Henning Mankell, author of The Eye of the Leopard, is famous for his crime novels but the tender prose and beautiful imagery in his latest offering shows that his talent reaches far beyond the clutches of crime.
The novel’s protagonist, Hans Olofson, grew up in a Swedish village, raised by his alcoholic father. He has only two friends: a rich boy who ends up paralyzed after an accident that Hans himself feels responsible for, and a woman, Janine, who lost her nose after an operation that went horribly wrong.
Janine is really the driving force behind the story, as an older Hans travels to Zambia after her death to fulfill her dream of working as a missionary. Hans only wants to visit the missionary for Janine but, after finding himself drawn in by the people he meets and the culture he experiences, he takes over an old chicken farm and Zambia becomes his home.
The contrast between the rugged Swedish landscape and the beautiful African scenery is brilliantly done. At times it felt like I was reading a great travel book, particularly at the beginning of the novel, when Hans is desperately trying to reach Zambia unscathed.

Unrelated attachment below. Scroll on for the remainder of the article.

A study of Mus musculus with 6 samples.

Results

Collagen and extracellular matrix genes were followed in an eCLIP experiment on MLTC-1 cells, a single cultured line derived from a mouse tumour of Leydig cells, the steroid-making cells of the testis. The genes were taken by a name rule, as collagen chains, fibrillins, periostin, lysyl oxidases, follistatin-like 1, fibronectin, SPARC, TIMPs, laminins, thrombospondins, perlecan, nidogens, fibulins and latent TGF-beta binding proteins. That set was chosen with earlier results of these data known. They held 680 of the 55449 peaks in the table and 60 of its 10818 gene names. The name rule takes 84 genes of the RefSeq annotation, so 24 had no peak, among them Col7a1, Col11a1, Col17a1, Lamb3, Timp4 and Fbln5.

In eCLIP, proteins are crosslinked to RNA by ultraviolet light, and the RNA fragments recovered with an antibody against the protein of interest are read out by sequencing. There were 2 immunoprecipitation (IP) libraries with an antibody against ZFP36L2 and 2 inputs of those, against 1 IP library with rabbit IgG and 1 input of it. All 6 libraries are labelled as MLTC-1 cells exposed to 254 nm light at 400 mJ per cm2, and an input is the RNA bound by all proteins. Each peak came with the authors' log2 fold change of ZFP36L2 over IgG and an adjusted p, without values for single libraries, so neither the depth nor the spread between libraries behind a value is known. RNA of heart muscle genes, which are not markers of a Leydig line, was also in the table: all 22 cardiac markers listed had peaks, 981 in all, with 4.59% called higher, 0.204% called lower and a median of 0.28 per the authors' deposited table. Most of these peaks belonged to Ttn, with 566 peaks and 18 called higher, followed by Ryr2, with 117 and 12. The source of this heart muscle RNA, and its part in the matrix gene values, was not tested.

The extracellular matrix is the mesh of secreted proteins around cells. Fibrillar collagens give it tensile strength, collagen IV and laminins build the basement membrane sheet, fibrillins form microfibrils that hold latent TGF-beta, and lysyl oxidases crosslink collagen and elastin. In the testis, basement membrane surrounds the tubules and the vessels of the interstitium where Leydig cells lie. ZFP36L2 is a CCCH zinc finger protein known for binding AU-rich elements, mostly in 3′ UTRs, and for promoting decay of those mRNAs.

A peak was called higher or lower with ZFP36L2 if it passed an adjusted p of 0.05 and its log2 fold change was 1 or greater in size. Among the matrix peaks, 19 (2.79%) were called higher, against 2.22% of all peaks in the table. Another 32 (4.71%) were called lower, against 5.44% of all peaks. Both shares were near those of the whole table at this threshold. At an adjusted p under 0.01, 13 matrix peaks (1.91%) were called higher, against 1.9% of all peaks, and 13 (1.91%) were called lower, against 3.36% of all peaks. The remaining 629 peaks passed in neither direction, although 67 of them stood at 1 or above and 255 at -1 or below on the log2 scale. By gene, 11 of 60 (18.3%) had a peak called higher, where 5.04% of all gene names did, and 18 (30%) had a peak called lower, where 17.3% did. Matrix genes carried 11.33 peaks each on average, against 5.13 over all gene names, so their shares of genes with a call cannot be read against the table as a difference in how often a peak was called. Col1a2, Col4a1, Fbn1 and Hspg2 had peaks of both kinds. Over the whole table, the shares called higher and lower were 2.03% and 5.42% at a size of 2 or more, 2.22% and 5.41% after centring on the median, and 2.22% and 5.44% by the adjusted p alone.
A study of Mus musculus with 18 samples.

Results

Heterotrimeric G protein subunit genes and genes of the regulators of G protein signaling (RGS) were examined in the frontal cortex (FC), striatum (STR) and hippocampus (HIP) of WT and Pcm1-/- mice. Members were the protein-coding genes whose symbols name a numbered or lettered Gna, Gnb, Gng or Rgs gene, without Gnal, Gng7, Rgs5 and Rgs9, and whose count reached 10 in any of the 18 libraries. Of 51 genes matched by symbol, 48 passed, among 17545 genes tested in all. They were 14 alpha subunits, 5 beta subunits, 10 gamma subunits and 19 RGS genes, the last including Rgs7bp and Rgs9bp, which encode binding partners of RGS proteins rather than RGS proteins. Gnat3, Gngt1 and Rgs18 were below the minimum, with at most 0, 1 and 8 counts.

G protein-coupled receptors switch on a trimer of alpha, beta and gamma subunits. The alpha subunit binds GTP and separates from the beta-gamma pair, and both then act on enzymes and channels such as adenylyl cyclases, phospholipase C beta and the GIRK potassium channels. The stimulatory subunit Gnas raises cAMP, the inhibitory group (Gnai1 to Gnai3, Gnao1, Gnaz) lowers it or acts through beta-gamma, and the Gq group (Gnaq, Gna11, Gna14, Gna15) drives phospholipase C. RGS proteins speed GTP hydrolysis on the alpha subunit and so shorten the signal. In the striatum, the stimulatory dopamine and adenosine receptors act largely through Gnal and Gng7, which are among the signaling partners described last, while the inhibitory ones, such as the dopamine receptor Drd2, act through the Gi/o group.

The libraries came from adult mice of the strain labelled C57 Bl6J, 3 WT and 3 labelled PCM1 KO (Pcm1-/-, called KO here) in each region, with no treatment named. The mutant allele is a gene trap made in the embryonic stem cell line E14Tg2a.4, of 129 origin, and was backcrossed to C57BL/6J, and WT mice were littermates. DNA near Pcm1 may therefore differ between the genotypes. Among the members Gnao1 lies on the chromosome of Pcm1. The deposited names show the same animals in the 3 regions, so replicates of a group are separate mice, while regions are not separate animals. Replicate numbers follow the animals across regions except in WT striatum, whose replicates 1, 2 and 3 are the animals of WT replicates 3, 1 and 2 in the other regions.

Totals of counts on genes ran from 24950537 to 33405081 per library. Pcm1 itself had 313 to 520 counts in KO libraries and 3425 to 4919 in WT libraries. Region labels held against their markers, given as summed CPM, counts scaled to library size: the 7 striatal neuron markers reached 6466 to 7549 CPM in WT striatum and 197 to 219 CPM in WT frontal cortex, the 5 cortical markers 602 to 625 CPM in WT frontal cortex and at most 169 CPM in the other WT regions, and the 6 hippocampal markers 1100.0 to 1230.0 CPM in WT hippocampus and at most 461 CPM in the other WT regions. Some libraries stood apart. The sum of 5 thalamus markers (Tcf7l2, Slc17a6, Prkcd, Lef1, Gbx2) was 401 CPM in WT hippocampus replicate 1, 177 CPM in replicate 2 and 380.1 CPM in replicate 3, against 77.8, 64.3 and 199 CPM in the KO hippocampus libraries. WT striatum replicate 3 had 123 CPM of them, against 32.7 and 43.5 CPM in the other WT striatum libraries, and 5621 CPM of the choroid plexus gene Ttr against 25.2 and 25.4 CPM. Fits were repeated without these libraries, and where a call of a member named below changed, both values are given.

Although The Eye of the Leopard is a chilling novel of alienation and separation, there are humorous moments that make the book such a joy to read. For example, take the following quotation from the opening of the novel:
‘Feebly, in a voice that is hardly audible, he cries out in the darkness for Luka, but there is only silence and the chirping cicadas of the African night. Maybe he’s sitting right outside the door, he thinks in desperation. Maybe he’s sitting there waiting for me to die… Again he calls for Luka, but no one answers, no one comes. He decides to fire Luka, that’s the first thing he’ll do if he survives this fever.’
The Eye of the Leopard is a powerful story. Yes, there are moments that will make you laugh and heartbreaking moments that will make you cry, but more importantly, when you close the book for the final time, you can’t just put it down and forget about it. You’ll find yourself thinking about this novel for days after finishing it. That, in my opinion, is the sign of a truly great book.